Idk if this should be under children but plastic surgery's related to bioethics anyway haha

Excerpt From:
The Ugly Truth About Body Dysmorphic Disorder. Sally Williams. December 10, 2012.

Title says all....

Samantha Davies was 13 when she began to develop the deformities that would transform her into what she described as ‘the most ugly person in the world’. Her nose began to spread into a formless lump across her face, her cheeks inflated to three times their normal size and her head became square and masculine.

First, she tried hiding behind make-up. She would use so much foundation that ‘her face was just orange, like a mask’, her mother says. She would apply six or seven layers of mascara. She would straighten her hair (to cover her face) with hair irons to the point of singeing it.

After three months she decided she was too monstrous to be seen. She confined herself to her bedroom and refused to go to school. She would agree to be taught at home only if the tutor couldn’t see her face. ‘She would sit on the bed with a quilt over her head. The woman would teach her through the quilt,’ her mother remembers. Finally, aged 13 and a half, Samantha had had enough. She took an overdose. And if this weren’t evidence enough of her state of mind at that point, her reaction when she came to in hospital underlined it. ‘My first thought was, “What do I look like?”’ And the feelings of self-revulsion returned.

The strange thing is that Samantha looks perfectly normal. It was all in her head. In October 2009, after months of anguish and three suicide attempts, she was finally treated for severe body dysmorphic disorder.

Body dysmorphic disorder (BDD) is driven by intense anxiety about appearance, and its exceptional force lies in its delusional quality. The focus can be any body part, but typically it is the head – hair, nose, ears, skin, the size and shape of the jaw – which sufferers see as ugly, ‘not right’.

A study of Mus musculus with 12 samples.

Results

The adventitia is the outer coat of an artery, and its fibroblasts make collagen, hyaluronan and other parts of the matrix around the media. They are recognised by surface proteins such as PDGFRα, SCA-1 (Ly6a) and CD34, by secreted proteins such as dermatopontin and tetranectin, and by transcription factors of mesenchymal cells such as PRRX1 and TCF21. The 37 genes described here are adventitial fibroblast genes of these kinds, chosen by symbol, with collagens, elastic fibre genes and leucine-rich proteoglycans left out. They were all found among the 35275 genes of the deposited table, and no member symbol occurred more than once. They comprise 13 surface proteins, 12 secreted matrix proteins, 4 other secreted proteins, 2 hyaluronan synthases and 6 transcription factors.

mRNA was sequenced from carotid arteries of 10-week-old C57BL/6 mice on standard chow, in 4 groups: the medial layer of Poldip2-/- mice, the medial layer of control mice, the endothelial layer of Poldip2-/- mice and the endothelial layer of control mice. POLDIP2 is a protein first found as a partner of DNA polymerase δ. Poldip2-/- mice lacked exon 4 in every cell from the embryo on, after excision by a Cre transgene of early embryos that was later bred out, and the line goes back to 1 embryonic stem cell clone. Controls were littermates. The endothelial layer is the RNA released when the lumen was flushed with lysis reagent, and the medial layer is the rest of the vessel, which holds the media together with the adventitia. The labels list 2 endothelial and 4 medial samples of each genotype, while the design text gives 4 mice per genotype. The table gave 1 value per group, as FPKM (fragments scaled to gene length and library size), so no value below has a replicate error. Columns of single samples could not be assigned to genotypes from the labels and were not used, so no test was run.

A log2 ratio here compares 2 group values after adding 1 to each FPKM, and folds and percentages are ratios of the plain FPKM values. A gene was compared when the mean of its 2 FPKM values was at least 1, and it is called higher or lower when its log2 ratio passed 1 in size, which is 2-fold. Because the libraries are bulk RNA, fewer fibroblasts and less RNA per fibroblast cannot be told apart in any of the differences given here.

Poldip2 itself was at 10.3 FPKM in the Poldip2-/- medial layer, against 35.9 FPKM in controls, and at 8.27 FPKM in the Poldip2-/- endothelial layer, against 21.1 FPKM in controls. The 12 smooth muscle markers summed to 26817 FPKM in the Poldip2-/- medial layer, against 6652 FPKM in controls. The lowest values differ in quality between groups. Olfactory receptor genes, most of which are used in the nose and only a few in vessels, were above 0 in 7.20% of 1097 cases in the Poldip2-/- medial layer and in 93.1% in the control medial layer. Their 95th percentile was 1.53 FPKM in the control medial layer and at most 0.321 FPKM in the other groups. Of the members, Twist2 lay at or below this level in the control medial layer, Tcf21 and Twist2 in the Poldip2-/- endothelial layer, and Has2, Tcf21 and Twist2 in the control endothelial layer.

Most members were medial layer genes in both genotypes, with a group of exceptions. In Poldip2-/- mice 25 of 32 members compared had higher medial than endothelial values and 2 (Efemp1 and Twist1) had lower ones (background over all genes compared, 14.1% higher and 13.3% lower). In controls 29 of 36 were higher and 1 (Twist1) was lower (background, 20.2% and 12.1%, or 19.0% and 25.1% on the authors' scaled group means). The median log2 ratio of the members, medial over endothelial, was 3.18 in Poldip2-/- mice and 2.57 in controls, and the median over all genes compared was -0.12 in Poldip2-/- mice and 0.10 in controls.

BDD is relatively common – it affects about one in 100 people (significantly more than schizophrenia; slightly more than anorexia). It typically starts in early teens and affects boys as frequently as girls.

The causes of BDD are still unknown. ‘We know it runs in families and that there is a strong genetic component, but that doesn’t explain the whole picture,’ Dr Mataix-Cols says, listing such factors as ‘appearance-related teasing’ and bullying. ‘It’s not clear if they simply trigger a pre-existing vulnerability or whether they have a proper causal effect,’ he adds.

It’s possible that the rate of BDD is increasing as women get bombarded with media images of perfection. Lots of studies have shown that the more you see images of perfection around you, and the more you compare yourself with those images, the worse you tend to feel about yourself.

The point on which experts agree is its seriousness. Sufferers are compelled to take steps to mitigate the disaster they see in the mirror. Samantha was fixated on hair extensions and make-up. She used to put a lot of make-up on, wipe it off, start again, for hours and hours.

Obsessive exercising is another compulsion. Photographing themselves on mobile phones and digital cameras is another. Sufferers repeatedly ask if they look fat/disgusting/ugly; overfocus on the appearance of other people and pick at their skin. At her worst Samantha was checking her face in the mirror 80 times a day, sometimes for up to two hours at a time.

People with BDD seek cosmetic surgery – about a quarter of BDD sufferers have actually had it – and avoid other people. Sometimes children drop out of school. Being around other people is extremely painful and anxiety-provoking, and in severe cases they can become housebound. BDD also raises the spectre of suicide with a rate approximately 45 times higher than in the general population.

And yet, despite it being such a serious problem, BDD is under-reported and undertreated. People with BDD are afraid they will be considered superficial or vain. It is hard to go to your doctor and say, I think my nose is too big. So what often happens is they report an associated problem such as low mood or anxiety, but they won’t say what the reason for that is.

The result is that the only a ‘handful’ of new cases are treated a year, with patients ranging in age from 12 to 18, typically the more extreme cases. Less severe cases tend to be treated at local Child and Adolescent Mental Health Services (CAMHS) – if they’re lucky. If you live outside a big city or a developed country like Britain, your chances of getting access to good psychological treatment are a lot less.